Visual mapping of team dynamics and communication patterns on surgical ward rounds: an ethnographic study
journal contributionposted on 26.02.2021, 08:50 by Candice Bonaconsa, Oluchi Mbamalu, Marc Mendelson, Adam Boutall, Claire Warden, Shreya Rayamajhi, Tim Pennel, Mark Hampton, Ivan Joubert, Carolyn Tarrant, Alison Holmes, Esmita Charani, Groote Schuur Hospital Antimicrobial Stewardship and Surgical Study Group
Background The effect of team dynamics on infection management and antimicrobial stewardship (AMS) behaviours is not well understood. Using innovative visual mapping, alongside traditional qualitative methods, we studied how surgical team dynamics and communication patterns influence infection-related decision making.
Materials/methods Between May and November 2019, data were gathered through direct observations of ward rounds and face-to-face interviews with ward round participants in three high infection risk surgical specialties at a tertiary hospital in South Africa. Sociograms, a visual mapping method, mapped content and flow of communication and the social links between participants. Data were analysed using a grounded theory approach.
Results Data were gathered from 70 hours of ward round observations, including 1024 individual patient discussions, 60 sociograms and face-to-face interviews with 61 healthcare professionals. AMS and infection-related discussions on ward rounds vary across specialties and are affected by the content and structure of the clinical update provided, consultant leadership styles and competing priorities at the bedside. Registrars and consultants dominate the discussions, limiting the input of other team members with recognised roles in AMS and infection management. Team hierarchies also manifest where staff position themselves, and this influences their contribution to active participation in patient care. Leadership styles affect ward-round dynamics, determining whether nurses and patients are actively engaged in discussions on infection management and antibiotic therapy and whether actions are assigned to identified persons.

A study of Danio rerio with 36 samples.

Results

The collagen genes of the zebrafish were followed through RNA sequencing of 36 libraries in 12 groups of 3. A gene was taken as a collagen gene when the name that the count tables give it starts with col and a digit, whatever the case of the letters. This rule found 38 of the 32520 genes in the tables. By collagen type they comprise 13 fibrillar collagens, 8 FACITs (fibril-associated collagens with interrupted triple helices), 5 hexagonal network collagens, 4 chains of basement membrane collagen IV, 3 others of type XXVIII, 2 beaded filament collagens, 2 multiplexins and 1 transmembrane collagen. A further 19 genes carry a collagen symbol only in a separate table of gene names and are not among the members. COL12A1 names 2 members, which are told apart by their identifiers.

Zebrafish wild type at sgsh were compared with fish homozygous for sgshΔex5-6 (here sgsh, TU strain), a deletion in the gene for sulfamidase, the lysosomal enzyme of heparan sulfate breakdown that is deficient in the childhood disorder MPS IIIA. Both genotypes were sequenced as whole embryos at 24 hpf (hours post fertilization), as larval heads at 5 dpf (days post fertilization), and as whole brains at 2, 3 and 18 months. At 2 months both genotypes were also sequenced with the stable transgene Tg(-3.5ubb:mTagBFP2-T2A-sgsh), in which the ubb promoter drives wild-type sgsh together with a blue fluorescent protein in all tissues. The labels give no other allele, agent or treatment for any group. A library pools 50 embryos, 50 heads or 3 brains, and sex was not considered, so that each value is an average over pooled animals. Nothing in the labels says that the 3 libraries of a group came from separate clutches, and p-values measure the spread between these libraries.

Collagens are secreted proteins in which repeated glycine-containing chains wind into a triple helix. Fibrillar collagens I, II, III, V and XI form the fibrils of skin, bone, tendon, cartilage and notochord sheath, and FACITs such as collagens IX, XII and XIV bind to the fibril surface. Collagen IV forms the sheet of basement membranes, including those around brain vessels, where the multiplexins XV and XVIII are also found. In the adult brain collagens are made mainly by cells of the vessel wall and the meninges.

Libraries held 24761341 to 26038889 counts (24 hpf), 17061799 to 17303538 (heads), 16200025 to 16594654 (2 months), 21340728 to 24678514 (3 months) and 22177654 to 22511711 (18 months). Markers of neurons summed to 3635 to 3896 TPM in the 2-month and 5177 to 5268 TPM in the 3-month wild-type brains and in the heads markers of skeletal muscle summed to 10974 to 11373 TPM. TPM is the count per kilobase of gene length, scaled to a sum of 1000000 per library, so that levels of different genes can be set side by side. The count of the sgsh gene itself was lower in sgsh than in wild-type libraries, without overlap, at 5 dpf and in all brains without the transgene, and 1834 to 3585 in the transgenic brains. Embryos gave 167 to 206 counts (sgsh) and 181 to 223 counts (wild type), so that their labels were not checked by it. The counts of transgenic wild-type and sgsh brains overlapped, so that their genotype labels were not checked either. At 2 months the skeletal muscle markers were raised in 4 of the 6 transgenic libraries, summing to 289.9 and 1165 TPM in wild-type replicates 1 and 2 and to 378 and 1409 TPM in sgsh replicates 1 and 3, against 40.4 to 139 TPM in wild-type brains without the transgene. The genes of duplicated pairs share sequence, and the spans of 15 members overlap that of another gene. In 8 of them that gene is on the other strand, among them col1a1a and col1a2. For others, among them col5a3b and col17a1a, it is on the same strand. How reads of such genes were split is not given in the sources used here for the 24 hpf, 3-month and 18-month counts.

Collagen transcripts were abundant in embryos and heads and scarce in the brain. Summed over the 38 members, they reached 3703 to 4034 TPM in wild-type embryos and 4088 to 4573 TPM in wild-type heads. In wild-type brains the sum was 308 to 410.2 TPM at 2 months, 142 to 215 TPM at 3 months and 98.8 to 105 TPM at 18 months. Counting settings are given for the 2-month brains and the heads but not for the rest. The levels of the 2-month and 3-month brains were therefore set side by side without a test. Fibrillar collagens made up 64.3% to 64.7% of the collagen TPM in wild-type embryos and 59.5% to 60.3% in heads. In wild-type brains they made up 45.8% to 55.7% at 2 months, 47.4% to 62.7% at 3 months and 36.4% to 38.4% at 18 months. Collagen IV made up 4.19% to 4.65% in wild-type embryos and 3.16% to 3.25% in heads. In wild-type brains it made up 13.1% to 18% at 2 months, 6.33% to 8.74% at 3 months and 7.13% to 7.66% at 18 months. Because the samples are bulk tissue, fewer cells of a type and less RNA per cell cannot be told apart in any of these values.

Conclusions The surgical bedside ward round remains a medium of communication between registrars and consultants, with little interaction with the patient or other healthcare professionals. A team-focused and inclusive approach could result in more effective decision making about infection management and AMS.